Everyone knows that chickens come from eggs. Chickens are meat, but what are eggs? Eggs are considered by most people to be a dairy product. However, they are not dairy in the traditional sense. A true dairy product is made by the mammary glads of a mammal. Eggs do not fit this definition, however they are an animal byproduct, which is why they are are lumped into the same group as dairy products.
Unlike other dairy products, eggs are extremely high in protein. The whites are where the protein is hidden while the yolks harbor certain vitamins as well as cholesterol and the majority of the calories. Because of this, people who are dieting usually try to consume only the low-calorie whites so they can load up on protein, which helps keep them feeling fuller, longer. Their protein content is similar to meat.
In terms of texture, they are more like dairy when raw and more like meat when cooked. Raw eggs have a semi-liquid consistency and they can be blended into things like batters and mixes. Once cooked, they take on a more solid quality and can no longer be blended into other foods like a liquid. The texture of a cooked egg is more like meat than dairy.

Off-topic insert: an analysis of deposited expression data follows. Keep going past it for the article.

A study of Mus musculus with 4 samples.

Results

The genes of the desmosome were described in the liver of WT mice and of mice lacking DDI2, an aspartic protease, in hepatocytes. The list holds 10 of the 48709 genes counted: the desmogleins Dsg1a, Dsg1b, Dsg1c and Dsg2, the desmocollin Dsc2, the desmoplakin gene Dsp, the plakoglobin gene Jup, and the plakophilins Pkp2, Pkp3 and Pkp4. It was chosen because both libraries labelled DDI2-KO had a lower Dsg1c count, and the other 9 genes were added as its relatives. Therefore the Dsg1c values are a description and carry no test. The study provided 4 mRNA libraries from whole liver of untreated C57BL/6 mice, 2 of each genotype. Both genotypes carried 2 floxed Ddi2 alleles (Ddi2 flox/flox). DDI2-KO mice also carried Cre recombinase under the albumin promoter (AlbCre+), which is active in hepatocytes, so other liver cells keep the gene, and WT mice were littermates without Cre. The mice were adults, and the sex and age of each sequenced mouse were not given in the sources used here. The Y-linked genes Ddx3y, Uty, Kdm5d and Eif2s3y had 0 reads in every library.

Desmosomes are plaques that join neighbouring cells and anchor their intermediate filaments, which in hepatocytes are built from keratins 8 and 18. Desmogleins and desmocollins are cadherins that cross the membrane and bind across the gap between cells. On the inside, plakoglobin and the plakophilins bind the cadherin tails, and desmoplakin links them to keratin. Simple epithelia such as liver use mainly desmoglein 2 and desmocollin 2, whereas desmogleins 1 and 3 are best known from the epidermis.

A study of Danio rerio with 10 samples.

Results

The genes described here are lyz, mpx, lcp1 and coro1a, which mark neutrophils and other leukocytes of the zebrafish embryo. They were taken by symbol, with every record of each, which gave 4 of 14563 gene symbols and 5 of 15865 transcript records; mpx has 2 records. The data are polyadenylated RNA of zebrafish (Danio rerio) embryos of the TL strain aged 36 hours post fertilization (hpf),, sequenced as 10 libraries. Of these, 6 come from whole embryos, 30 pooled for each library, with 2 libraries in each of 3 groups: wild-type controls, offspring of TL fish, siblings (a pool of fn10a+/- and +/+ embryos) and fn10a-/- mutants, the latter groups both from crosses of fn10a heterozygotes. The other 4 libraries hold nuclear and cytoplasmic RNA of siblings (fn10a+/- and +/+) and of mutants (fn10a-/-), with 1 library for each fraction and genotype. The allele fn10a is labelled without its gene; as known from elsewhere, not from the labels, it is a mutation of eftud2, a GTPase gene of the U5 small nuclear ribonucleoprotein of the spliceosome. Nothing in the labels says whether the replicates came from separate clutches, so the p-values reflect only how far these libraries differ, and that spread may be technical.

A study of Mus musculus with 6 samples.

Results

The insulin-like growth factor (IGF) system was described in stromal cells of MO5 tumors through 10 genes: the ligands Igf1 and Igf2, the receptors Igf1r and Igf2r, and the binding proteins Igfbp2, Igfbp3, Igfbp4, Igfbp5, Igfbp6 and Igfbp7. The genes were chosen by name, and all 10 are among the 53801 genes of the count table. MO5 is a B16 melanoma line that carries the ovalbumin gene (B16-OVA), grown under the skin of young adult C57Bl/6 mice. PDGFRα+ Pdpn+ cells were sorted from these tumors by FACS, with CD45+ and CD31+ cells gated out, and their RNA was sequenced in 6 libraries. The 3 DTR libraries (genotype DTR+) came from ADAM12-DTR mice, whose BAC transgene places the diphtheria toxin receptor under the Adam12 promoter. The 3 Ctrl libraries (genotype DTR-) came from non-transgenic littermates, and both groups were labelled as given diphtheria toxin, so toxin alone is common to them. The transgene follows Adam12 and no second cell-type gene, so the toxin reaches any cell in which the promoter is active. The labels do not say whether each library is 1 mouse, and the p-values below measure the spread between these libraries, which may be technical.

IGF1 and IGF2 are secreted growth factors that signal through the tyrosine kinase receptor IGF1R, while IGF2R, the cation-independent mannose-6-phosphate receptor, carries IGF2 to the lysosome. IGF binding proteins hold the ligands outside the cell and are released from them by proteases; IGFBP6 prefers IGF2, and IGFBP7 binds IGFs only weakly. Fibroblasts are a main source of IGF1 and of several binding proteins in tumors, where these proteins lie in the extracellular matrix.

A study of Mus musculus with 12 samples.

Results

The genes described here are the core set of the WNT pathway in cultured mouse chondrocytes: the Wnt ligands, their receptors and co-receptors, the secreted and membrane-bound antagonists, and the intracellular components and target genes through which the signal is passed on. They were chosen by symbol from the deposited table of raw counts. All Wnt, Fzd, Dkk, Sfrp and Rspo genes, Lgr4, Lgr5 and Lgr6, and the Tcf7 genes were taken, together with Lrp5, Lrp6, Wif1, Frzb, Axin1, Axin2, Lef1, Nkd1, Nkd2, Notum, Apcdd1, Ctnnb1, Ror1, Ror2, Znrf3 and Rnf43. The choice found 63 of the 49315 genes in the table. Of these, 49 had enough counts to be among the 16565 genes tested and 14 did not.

When you purchase eggs at the grocery store, you will find them in your grocer’s dairy section, as well as in most cook books where you are often taught how to hard boil eggs to use in various recipes. Most nutritionists and government-sponsored food pyramids classify eggs as a dairy product. On the other hand, many vegetarians won’t eat eggs or foods containing eggs because they consider them a meat product. It’s all about your personal perspective and whether you consider the egg a baby chicken or an animal byproduct.
Whether you think of eggs as meat or dairy, you’ll always be partially right. Their classification is not nearly as important as their great taste and the important role they play in a balanced diet. Think of all the recipes you know that contain eggs. The chicken products have integrated themselves into our daily diets and show no signs of losing popularity any time soon.
It’s important to note that persons with dairy allergies will not necessarily be allergic to eggs. Lactose intolerance does not make one intolerant to eggs, just as an egg allergy does not make one allergic to milk or other dairy products. Another interesting note is that unlaid eggs are officially considered meat, while eggs that have been laid are considered dairy. The composition of the egg does not change during the laying process, but the classification of the egg does.
Whether they are meat or dairy, one thing will always remain the same. Eggs are a healthy part of many people’s diets and will likely remain a staple food for a long time to come.